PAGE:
Despite competition that exists just a click away, the bull’s-eye on Google’s back has grown as big as its 65 percent U.S. search market share in the eyes of the U.S. Senate.
One day after the U.S. Senate Subcommittee on Antitrust, Competition Policy, and Consumer Rights vowed to ensure fair competition in the Internet search market dominated by Google, Sen. Michael S. Lee, R-Utah, March 11 called for the subcommittee to conduct an oversight hearing on the search giant.
Antitrust Subcommittee Chairman Sen. Herb Kohl, D-Wis., said in a March 10 statement on the group’s agenda that he wants to make sure Internet search is fair to users and customers, that consumers’ privacy is preserved, and that advertisers who pay search engines to place information about their goods and services have sufficient choices.
It’s no coincidence that these, along with Google’s increased appetite for acquisitions that fortify its massive market plot, are all areas where Google has found itself challenged in 2010.
“In recent years, the dominance over Internet search of the world’s largest search engine, Google, has increased and Google has increasingly sought to acquire e-commerce sites in myriad businesses,” Kohl said in a statement.
“In this regard, we will closely examine allegations raised by e-commerce Websites that compete with Google that they are being treated unfairly in search ranking, and in their ability to purchase search advertising. We also will continue to closely examine the impact of further acquisitions in this sector.”
Lee fervently supported Kohl’s stance and called for the Senate to conduct oversight hearings into the company’s search, advertising, and merger and acquisition practices, which have made it a sort of “gatekeeper over a variety of Internet businesses.”
Lee cited Google’s $700 million bid for ITA Software as an example. Google July 1, 2010, moved to purchase ITA to gain access to online flight fare and scheduling information that is used by a number of online travel and vertical companies, including Expedia, Kayak and Microsoft.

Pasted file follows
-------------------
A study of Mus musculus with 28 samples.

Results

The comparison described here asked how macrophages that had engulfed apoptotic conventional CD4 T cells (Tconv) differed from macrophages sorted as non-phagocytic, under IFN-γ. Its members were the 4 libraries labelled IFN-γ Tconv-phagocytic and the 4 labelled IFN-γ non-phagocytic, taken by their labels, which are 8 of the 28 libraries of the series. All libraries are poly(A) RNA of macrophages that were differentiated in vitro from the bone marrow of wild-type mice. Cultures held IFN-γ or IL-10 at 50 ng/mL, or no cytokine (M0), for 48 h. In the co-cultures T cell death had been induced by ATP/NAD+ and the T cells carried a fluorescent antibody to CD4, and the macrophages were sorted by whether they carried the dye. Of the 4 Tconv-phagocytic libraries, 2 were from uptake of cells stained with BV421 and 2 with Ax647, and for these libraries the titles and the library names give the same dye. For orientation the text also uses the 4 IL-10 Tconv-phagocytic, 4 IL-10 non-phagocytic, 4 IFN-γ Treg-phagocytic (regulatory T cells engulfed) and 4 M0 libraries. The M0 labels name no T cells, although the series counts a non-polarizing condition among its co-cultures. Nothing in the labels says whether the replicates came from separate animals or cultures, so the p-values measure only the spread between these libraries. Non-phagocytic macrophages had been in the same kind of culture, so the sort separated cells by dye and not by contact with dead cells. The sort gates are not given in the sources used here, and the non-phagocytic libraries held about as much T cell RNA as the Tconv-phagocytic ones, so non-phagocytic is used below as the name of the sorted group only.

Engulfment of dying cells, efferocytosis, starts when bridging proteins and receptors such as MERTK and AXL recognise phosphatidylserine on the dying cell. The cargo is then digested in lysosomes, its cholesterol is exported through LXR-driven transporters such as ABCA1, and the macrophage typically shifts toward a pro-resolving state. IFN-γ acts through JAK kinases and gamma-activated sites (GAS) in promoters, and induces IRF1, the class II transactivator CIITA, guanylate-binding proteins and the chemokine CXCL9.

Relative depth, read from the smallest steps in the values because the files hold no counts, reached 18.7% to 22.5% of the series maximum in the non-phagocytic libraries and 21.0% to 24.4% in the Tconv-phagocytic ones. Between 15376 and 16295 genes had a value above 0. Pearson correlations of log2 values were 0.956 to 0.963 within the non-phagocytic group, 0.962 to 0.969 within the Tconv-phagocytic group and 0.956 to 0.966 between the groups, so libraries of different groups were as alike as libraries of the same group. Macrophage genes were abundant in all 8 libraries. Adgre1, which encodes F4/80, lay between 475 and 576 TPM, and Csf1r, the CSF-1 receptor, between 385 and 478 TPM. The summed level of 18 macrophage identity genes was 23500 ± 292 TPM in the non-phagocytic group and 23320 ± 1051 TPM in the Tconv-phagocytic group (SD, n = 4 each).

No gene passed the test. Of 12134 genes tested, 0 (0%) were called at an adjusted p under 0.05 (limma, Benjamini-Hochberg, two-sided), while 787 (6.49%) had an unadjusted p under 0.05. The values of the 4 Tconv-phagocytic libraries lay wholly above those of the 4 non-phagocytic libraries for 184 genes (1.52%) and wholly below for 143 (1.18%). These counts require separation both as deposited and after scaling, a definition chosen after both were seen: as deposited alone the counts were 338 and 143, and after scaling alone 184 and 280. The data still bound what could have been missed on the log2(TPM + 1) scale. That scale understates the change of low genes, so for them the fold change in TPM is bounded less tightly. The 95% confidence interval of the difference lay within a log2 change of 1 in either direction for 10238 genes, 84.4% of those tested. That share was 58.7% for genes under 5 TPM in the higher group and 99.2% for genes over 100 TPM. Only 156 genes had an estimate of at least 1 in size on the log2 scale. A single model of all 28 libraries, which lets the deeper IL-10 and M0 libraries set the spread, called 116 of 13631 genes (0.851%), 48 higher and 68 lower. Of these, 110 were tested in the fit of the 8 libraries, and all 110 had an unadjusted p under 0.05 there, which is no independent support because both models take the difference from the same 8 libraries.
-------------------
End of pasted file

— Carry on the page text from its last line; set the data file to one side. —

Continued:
“Google’s position as the preeminent search engine may be abused so as to disadvantage competing vertical search sites to the detriment of advertisers and internet users,” Lee wrote, echoing FairSearch.org members’ position.
Lee also argued that Google’s wealth of personal data, including data on users’ search Web History, and Web services such as Gmail, Google Checkout and DoubleClick open it to privacy threats.
These anti-competition and privacy infringement arguments levied against Google are not new. In fact, they echo much of what Google has already heard from vertical search engines such as Foundem, eJustice.fr and Microsoft’s Ciao.
These companies prompted the European Commission to investigate Google for anti-competitive practices, arguing that the search engine drops their Websites’ rankings in Google.com in favor of its own product search services.
Texas State Attorney General Gregg Abbott launched a parallel investigation into the matter by other complainants in the United States. Meanwhile, attorneys general in more than 30 states have joined forces to request the data that Google’s Street View cars accidentally collected over unsecured wireless networks.
Through all of this growing opposition, Google has professed an interest in serving customers the best possible way. A Google spokesman told eWEEK:
“Our goal is to provide users with the best possible answers as quickly as possible-and we know that if we don’t deliver useful results, competition is only one click away. Given our success and the disruptive nature of the Internet, we know that scrutiny comes with the territory, but we’re committed to making search even better for consumers.”
Unfortunately for Google, the Senate doesn’t appear to be buying that competition is a click away, and a sweeping antitrust investigation into the company appears almost assured for 2011 given Kohl’s emphasis on Google and the search market in the antitrust subcommittee’s agenda.